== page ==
Software engineering has changed dramatically in the last few decades. The rise of AWS, high-level languages, powerful libraries, and frameworks increasingly allow engineers to focus on business logic. Today, software engineers spend much of their time writing code that reasons over data to show something or do something. But how engineering is done has not caught up in some crucial ways:
- Software Development Tools. Most data scientists today work in a notebook on a server where they heavily interact with the data as they refine the code (algorithm). Most engineers still work locally without access to production data. Part of the reason engineers don’t have access to the data is because they work locally—for security and compliance reasons, access to production data from the local machine is banned in most places. Plausibly, a bigger reason is that engineers are stuck in a paradigm where they don’t think access to production data is foundational to faster, higher-quality software development. This belief is reflected in the ad-hoc solutions to the problem that are being tried across the industry, e.g., synthetic data (which is hard to create, maintain, and scale).
- Data Modeling. The focus on data modeling has sharply decreased over time in many companies. There are at least four underlying forces behind this trend. First, the combination of the volume of the data being generated and the rise of cheap blob storage (combined with the fact that computing power is comparatively vastly more expensive today) incentivizes the storage of unstructured data. Second, agile development, which prioritizes customer-facing progress over short time units, may cause underinvestment in costly, foundational work (see here). Third, the engineering organizations are changing in that the producers of the data are no longer seen as owners of the data. The fourth and last point is perhaps the most crucial—the surfeit of data has led to some magical thinking about the ease with which data can be used to power insights. Our ability to derive business insights from unstructured and dirty data, except for a small minority of cases, e.g., search, doesn’t exist. The only thing the surfeit of data has done is that it has widened and deepened the pool of insights that can be delivered. It hasn’t made it any easier to derive those insights, which continue to rely on good old-fashioned manual work to understand the use case and curate and structure the data appropriately. (It also then becomes an opportunity for building software.)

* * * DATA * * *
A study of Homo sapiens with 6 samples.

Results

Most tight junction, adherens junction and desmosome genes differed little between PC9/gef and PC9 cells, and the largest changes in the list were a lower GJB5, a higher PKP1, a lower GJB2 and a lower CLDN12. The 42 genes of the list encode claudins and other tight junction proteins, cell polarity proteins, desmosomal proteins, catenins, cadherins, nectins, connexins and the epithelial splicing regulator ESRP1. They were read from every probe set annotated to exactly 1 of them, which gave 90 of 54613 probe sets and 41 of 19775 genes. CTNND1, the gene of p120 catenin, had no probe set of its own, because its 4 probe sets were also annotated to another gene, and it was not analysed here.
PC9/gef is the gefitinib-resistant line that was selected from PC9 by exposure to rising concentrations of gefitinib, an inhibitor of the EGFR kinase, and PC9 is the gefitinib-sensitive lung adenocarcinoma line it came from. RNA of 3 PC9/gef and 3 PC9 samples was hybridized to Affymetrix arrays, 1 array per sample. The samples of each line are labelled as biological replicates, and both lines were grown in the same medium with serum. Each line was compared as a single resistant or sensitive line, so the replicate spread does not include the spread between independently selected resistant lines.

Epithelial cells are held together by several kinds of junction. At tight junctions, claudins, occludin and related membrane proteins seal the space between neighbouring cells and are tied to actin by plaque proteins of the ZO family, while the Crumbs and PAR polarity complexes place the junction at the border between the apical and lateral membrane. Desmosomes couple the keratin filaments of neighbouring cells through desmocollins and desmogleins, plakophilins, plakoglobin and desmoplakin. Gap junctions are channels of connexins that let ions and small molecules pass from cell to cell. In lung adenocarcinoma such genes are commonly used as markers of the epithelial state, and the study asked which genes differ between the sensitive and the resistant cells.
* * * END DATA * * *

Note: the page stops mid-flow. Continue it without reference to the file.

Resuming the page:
Engineers pay the price of not investing in data modeling by making the code more complex (and hence, more unmaintainable) and by allocating time to fix “bugs.” (The reason I put the word bugs in air quotes is because obvious consequences of a bad system should not be called bugs.)
- Data Drift. Machine Learning Engineers (MLEs) obsess about it. Most other engineers haven’t ever heard of the term. Everyone should worry. Technically, the only difference between using ML and engineering for rule creation is that ML auto-creates rules while conventional engineering relies on handcrafting the rules. Both systems test the efficacy of their rules on the current data. Both systems assume that the data will not drift. Only MLEs monitor the data, thinking hard about what data the rules work for and how to monitor data drift. Other engineers need to sign up.
The solutions are as simple as the problems are immense: invest in data quality, data monitoring, and data models. To achieve that, we need to change how organizations are structured, how they are run, and what engineers think the hard problems are.